Climate change strategy
Various agreements made on a world-wide scale.
The Brundtland Report 1987 recognised the interdependence of development and the environment and sought to galvanise political effort to achieve more sustainable development, which it defined as "development that meets the needs of the present without compromising the ability of future generations to meet their own needs."
The Earth Summit in Rio de Janeiro in 1992 developed a set of sustainable development goals that have since been incorporated into many aspects of UK legislation.
The Kyoto Protocol 1997 committed industrialised nations to limit and reduce greenhouse gas emissions by an average of 5% below 1990 levels by 2012.
The Paris Agreement 2015 achieved a common cause for all nations to keep the rise in average global temperature well below 2oC and ideally below 1.5oC above pre-industrial levels. It warns that this will require rapid, far-reaching and unprecedented changes to all aspects of life, but can also help to create a more sustainable and equitable society.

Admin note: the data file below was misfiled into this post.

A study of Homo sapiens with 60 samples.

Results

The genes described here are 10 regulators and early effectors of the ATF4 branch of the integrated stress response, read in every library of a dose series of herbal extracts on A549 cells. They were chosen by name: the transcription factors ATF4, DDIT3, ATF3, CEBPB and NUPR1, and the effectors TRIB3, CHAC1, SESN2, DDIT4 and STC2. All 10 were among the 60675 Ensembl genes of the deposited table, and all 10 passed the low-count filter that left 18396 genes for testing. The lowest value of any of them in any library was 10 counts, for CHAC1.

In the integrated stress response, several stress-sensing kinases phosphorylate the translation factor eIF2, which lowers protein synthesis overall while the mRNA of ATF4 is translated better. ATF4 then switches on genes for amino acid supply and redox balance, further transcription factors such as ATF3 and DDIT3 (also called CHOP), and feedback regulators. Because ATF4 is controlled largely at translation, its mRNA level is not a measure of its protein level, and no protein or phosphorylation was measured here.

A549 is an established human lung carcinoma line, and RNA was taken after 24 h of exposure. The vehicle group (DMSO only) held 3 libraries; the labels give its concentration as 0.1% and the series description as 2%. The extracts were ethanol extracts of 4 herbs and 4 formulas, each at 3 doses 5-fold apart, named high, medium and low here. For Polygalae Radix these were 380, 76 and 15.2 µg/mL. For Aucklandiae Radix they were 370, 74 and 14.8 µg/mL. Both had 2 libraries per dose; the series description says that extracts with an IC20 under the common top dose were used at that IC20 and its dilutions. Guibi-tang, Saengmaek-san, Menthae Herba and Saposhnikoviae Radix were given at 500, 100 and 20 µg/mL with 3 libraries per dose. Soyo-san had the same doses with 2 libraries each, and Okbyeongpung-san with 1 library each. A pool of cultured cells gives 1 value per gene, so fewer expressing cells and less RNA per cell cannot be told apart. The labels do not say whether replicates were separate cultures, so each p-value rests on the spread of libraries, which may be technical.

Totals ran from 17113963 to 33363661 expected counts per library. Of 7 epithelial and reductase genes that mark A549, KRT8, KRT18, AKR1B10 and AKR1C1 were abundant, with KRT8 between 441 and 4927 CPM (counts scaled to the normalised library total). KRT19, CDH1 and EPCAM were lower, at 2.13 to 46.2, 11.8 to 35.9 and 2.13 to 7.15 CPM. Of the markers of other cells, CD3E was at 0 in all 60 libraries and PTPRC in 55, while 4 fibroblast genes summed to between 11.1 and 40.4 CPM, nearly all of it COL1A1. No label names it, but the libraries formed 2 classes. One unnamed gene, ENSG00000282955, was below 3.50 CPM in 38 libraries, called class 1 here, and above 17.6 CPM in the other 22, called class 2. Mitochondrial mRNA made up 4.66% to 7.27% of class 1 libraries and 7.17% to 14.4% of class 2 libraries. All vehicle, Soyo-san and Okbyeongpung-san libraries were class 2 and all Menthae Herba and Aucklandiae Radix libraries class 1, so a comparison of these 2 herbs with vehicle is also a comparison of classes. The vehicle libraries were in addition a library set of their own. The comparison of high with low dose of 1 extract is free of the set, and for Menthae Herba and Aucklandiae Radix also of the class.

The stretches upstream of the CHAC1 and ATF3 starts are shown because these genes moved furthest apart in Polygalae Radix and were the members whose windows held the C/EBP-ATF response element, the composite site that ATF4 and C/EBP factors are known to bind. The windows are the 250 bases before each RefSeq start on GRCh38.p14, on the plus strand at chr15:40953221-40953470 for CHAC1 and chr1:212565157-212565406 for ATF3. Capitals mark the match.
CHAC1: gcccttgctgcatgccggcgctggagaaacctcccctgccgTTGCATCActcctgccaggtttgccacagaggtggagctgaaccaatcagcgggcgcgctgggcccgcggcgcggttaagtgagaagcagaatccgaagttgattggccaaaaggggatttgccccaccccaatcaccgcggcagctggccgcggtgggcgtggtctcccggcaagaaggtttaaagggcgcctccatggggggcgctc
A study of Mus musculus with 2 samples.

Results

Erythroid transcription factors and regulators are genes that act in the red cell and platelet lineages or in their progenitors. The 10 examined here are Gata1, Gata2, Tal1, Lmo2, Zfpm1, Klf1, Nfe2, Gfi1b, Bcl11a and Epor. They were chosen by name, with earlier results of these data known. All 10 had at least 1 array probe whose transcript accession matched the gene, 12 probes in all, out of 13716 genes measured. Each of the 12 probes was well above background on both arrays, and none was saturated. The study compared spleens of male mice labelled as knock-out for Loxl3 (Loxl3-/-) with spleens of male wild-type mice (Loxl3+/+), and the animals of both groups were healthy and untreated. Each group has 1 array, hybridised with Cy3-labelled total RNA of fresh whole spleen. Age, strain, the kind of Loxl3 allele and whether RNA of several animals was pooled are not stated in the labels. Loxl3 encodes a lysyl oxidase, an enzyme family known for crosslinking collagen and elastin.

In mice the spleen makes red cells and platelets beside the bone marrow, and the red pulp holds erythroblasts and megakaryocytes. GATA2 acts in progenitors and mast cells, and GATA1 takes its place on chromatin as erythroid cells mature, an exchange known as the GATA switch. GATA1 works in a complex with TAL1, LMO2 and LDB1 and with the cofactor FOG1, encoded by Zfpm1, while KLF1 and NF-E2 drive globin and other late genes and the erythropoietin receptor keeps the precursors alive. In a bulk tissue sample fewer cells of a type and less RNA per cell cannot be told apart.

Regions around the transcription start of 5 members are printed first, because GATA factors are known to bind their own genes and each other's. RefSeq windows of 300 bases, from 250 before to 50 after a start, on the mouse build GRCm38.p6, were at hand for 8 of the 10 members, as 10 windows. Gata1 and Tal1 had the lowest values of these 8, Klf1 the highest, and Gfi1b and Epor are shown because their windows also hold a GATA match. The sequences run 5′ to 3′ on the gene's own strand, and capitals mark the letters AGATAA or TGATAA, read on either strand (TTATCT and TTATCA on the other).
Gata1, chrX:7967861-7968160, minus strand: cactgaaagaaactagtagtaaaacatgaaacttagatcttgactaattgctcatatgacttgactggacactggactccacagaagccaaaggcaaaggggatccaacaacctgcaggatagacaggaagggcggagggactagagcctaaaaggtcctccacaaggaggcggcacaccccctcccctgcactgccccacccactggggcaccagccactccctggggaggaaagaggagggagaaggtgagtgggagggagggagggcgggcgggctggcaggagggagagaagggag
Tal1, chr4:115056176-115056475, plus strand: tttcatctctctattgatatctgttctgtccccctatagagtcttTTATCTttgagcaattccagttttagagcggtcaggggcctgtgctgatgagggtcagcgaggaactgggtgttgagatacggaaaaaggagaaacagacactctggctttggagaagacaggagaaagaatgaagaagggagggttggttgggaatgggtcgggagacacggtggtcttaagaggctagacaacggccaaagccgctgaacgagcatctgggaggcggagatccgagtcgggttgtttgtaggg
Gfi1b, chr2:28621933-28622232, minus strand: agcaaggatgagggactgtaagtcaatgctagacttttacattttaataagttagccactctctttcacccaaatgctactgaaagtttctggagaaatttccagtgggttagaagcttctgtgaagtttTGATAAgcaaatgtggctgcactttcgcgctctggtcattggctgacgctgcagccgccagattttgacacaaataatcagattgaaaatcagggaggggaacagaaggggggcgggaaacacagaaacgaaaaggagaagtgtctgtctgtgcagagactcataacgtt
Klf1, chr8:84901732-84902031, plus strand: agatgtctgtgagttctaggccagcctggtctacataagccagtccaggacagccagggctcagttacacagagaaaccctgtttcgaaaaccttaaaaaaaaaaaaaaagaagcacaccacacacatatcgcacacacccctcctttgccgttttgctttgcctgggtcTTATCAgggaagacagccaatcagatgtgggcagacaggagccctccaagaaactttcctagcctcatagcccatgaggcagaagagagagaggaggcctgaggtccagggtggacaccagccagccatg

The European Green Deal aims to transform the continent into a low carbon economy, through regulation and legislation, ambitious targets, budgeting.
The High Ambition Coalition of 50 countries, including the UK, has committed to protect almost one-third of the planet by 2030 to halt the destruction of the natural world and slow the extinction rate.
It is perhaps however the words and actions of Greta Thunberg and Sir David Attenborough that better raise public consciousness.
This section will be updated following the UN COP26 Climate Change Conference that will take place in Glasgow in November 2021.